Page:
Senate OKs bill extending 2021 GAA until 2022 on second reading

Published December 7, 2021, 6:51 PM

by Hannah Torregoza 

The bill which seeks to extend the availability of the 2021 appropriations up to December 31, 2022 has hurdled second reading at the Senate.

The Senate approved House Bill No. 10373 which seeks to extend the validity of the 2021 national budget with Senator Panfilo Lacson manifesting his dissent on the measure.

Lacson, during the interpellation of the bill, pointed out that Congress has been passing measures extending the availability of the national budget for several years already.

“Are we not condoning it to the point of institutionalizing the inefficiency of the implementing agencies?” Lacson pointed out.

But Senate Finance Committee chair Sen. Sonny Angara explained that the COVID-19 pandemic has made it difficult for implementing agencies to disburse and utilize the budget.

Moreover, Angara said the “for later release” (FLR) policy imposed of the Executive department has also added to the problem.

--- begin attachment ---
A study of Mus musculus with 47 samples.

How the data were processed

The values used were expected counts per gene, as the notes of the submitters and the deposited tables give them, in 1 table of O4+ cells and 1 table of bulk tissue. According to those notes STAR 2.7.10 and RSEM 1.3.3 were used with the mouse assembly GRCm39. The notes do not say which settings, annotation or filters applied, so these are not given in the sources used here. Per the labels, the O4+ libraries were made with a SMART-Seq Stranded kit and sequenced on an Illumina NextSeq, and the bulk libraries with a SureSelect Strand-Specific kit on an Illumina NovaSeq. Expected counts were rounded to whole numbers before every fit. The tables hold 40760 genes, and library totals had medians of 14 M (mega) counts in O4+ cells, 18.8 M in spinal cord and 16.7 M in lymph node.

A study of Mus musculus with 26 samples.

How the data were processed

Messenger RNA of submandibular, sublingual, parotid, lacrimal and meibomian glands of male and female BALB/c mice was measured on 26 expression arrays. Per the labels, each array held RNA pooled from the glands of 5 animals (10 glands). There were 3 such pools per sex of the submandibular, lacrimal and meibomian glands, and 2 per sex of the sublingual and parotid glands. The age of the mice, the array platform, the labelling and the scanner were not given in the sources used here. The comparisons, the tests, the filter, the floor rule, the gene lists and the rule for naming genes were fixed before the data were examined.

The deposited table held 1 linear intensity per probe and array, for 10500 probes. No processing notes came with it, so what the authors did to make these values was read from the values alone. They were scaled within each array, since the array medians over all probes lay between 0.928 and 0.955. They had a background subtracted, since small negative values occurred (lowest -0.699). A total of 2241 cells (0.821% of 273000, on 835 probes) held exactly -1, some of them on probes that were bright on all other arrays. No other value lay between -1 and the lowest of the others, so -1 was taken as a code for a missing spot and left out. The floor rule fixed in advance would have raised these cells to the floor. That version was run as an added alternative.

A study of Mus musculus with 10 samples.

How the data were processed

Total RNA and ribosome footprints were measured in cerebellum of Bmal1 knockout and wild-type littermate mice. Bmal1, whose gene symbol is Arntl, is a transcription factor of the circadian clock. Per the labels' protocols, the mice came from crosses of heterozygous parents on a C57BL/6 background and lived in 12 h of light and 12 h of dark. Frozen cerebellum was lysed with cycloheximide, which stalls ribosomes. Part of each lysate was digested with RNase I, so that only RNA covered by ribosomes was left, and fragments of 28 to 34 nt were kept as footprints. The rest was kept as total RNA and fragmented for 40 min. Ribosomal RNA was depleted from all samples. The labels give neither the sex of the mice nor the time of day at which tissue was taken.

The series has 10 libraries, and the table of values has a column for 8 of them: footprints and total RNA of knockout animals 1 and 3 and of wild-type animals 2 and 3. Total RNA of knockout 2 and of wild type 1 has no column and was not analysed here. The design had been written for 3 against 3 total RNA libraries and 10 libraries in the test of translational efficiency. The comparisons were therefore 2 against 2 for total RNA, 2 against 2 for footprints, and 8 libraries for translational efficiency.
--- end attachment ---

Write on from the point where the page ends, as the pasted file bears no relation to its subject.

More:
Angara pointed out that during the pre-pandemic period, agencies already have a hard time complying with the cash-based budgeting which Congress itself imposed to fight underspending.

“Then the pandemic came and obstacles were placed in the way of the agencies, then we have the FLR, another obstacle, which was self-imposed,” the senator said, adding that it would take the government about five years before it can assess the readiness of implementing agencies to adopt the cash-based budgeting.

Nevertheless, Angara assured that the bicameral conference committee will consider a provision in the proposed 2022 national budget would would provide a “halfway house” between obligation-based and cash-based budgeting system.

“It maintains the feature of the cash-based budgeting which would force agencies to obligate the money in the calendar year of the budget while it gives them the leeway of making the disbursements and full payment in the succeeding year so it’s going to be like a hybrid system, hopefully by 2022,” he said.

In a message to reporters, Senate Majority Leader Juan Miguel Zubiri said he hopes the Senate can pass the measure on third reading on Monday.

Zubiri said he would ask senators if they would be willing to hold Thursday sessions this week and next week so they can finish important measures before the Christmas break which will start on Dec. 18 until January 16, 2022.